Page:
The last time I took a donation to a charity shop, it was a great experience.
I took an unwanted jewellery box, full of costume jewellery, to a Cancer Research UK shop. The volunteer behind the desk could not have been more excited or grateful for my gift. I left with the warm glow you get from doing something good.
So, this time, having had a pre-Christmas clearout, I was expecting something similar. I took a bag of clothes, in good condition, to an Oxfam shop. But the woman behind the desk looked at me blankly as I handed over my donation, and promptly shoved my gift on the floor.
I must have been looking at her expectantly, because after a few awkward seconds she said, “er, yeah, thanks.”
As I had planned, I told her I also had a bag of unsellable clothes at home, some of which were torn or had broken zips. I asked whether it would be helpful if I brought those in so the shop could sell them as rag.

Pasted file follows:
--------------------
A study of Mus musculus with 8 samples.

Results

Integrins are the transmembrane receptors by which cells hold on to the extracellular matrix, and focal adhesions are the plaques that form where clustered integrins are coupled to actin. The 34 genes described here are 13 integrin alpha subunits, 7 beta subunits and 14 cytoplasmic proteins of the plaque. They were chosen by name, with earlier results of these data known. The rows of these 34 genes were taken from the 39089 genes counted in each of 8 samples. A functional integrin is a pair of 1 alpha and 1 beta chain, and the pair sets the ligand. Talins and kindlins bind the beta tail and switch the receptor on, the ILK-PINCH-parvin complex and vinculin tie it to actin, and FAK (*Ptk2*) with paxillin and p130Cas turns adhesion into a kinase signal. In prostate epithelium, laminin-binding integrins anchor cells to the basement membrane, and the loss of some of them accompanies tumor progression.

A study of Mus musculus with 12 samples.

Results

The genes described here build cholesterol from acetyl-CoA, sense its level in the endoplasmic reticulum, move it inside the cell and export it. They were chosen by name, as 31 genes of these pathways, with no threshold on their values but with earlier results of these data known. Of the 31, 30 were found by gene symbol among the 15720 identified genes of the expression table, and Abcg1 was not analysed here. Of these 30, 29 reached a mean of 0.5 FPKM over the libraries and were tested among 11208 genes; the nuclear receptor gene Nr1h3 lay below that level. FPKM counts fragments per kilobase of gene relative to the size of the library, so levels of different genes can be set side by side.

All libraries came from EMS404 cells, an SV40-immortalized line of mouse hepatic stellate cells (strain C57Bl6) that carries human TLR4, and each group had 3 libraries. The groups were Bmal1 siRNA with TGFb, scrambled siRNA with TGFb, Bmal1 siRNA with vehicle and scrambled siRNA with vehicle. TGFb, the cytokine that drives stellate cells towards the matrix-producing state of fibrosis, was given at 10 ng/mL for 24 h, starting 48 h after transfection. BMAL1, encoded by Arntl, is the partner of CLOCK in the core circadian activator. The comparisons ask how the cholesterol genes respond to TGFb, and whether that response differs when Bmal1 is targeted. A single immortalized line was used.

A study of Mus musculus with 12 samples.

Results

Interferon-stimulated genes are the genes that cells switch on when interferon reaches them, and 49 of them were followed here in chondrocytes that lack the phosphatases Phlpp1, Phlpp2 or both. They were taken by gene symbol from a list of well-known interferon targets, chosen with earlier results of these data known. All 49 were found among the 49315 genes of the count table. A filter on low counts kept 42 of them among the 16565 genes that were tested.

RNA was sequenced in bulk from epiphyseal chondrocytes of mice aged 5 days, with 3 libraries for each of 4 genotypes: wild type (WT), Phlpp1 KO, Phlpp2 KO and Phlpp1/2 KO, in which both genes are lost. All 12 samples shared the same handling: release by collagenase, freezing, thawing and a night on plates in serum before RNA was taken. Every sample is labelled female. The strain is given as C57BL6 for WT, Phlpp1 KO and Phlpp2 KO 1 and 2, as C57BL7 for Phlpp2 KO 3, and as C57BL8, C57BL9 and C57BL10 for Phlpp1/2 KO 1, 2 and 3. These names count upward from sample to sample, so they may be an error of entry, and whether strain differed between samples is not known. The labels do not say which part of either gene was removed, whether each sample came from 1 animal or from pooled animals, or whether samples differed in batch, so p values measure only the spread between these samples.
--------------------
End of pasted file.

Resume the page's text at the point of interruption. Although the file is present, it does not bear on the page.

She looked at me blankly again. “You want to do what?” she said. When I explained again, she called the store manager over. His response was unenthusiastic – he said they’d recycle them for me if I wanted.
I managed to stop myself from saying that I was trying to do them a favour rather than asking them to do one for me.
I left feeling deflated, and even a little annoyed. From speaking to colleagues it has become clear that I’m not the only one to have had this experience.
I understand that it’s expensive for charities to invest in training volunteers. But these little interactions at a grass-roots level play a crucial role in shaping the public’s perception of charities, and I wouldn’t be surprised if they also influence people’s future charitable donations. Investing in volunteer training would surely pay off in the long term.